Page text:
Data from Dice, the tech job board, CareerBuilder and staffing agency Kelly Services show thousands of open IT jobs across the U.S., with significant openings in application development, including mobile apps and HTML 5, IT infrastructure support, and for IT project managers. Java and .Net developers are in high demand, said Melisa Bockrath, vice president and group leader for the IT unit of Kelly Services.
CareerBuilder, the online job-search portal, had more than 290,000 job listings for application developers between December and February, and just over 20,000 active candidates in related fields. AT&T and IBM each had more than 3,400 app developer job postings during that three-month period; Microsoft and Computer Sciences each had more than 1,250 postings.
CareerBuilder listed more than 30,000 IT project management jobs during the same time period. There were about 5,500 active job seekers in that area.
But only 15 percent of the active candidates in the app developing field, and 11 percent in IT project management, said they were willing to relocate for a job.
The picture is more complicated than the stats suggest. Many veteran IT workers, some with close to 20 years of experience, say many U.S. tech vendors don't want their services.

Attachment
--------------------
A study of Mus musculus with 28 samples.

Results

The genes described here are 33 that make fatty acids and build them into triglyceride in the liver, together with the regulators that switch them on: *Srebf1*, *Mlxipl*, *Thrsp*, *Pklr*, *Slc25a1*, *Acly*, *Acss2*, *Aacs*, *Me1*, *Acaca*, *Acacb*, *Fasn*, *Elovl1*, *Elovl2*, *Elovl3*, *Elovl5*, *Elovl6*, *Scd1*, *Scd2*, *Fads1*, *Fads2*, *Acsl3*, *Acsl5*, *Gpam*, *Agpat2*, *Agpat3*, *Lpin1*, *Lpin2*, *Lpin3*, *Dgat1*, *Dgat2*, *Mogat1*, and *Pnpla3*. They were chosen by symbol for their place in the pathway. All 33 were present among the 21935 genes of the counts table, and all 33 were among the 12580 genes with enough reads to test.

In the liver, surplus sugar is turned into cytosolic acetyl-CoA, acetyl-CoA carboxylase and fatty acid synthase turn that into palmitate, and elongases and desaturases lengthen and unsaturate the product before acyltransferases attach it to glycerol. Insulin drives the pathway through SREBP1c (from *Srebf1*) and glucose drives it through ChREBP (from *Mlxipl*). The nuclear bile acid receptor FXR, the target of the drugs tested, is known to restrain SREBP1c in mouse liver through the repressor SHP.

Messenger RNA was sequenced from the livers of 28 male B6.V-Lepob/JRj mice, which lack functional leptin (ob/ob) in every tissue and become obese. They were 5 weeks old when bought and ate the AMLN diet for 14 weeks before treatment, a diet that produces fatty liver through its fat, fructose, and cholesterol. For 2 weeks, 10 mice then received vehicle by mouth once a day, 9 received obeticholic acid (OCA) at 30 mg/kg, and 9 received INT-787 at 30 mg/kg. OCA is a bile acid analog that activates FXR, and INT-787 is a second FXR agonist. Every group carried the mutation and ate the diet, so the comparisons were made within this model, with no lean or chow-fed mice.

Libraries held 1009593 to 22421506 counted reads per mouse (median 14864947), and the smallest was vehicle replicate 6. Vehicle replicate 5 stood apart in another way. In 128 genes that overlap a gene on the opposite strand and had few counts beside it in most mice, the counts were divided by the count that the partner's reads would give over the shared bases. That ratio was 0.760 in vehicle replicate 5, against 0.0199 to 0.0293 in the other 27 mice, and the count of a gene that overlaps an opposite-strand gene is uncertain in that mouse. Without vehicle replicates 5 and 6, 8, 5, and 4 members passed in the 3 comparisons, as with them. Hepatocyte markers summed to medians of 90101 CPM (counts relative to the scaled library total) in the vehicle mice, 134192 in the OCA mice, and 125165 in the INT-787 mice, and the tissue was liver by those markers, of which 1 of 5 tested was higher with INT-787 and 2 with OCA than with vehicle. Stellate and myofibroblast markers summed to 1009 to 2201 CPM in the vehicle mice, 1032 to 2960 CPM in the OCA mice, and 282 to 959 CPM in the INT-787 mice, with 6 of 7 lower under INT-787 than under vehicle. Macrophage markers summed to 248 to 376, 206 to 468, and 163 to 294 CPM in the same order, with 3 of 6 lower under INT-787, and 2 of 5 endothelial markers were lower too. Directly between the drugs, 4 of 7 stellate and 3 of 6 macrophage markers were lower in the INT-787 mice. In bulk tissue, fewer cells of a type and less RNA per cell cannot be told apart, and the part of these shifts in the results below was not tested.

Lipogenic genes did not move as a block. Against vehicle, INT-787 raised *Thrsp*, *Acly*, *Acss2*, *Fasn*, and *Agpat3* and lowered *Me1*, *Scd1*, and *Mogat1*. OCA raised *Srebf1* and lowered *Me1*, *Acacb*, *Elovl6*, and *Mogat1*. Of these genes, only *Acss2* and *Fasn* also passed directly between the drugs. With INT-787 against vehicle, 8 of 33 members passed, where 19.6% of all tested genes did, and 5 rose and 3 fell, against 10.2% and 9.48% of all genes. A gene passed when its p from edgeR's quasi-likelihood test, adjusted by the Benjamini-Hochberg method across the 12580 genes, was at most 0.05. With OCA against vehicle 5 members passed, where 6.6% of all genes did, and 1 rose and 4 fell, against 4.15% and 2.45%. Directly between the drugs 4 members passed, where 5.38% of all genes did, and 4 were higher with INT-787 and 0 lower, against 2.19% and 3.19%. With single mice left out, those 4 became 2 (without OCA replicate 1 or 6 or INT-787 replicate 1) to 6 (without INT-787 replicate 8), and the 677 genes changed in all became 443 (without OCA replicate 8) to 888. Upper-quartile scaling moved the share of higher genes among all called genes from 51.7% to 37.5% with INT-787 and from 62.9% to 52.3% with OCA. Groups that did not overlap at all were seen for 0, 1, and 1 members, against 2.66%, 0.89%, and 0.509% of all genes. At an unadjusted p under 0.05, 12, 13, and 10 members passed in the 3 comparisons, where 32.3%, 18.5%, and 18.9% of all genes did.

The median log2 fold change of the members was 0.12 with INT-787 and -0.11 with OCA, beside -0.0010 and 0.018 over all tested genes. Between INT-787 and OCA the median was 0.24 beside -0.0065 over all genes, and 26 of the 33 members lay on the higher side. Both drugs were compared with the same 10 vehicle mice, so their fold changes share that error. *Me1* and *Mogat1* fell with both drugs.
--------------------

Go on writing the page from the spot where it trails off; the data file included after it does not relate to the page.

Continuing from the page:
Many U.S. tech companies want more H-1B visas so they can hire cheaper foreign workers, contrary to the official stance that tech companies want to bring the most talented tech workers to the U.S., some critics say. (See related story: Veteran tech workers see tough job market.)
Foreign visas are a large part of the problem for veteran IT workers, said John Donaldson, a 51-year-old software developer out of work since October. "I blame much of my misfortune on the H-1B visas flooding this country," he said. "When I picked my computer science major ... no one told me I'd be competing against a huge tide of foreign nationals flooding, via dubious means, the national job market every year."
In some cases, the out-of-work IT veterans have a skills mismatch with the jobs available, said Bockrath, of Kelly Services. Many companies want experience in their field; companies believe that developing apps for the oil and gas industry is different than developing mortgage apps for a bank, she said
In other cases, candidates aren't willing to move for a job, said Bockrath, whose company partners with CareerBuilder to look at hiring trends. Veteran tech workers living in areas of high unemployment "need to be a little more flexible" about relocating, she said.
Many of Kelly's corporate clients are having trouble recruiting IT workers, she said. In areas with IT worker shortages, Bockrath has advised clients to consider remote workers, in the jobs that lend themselves to telework, she said.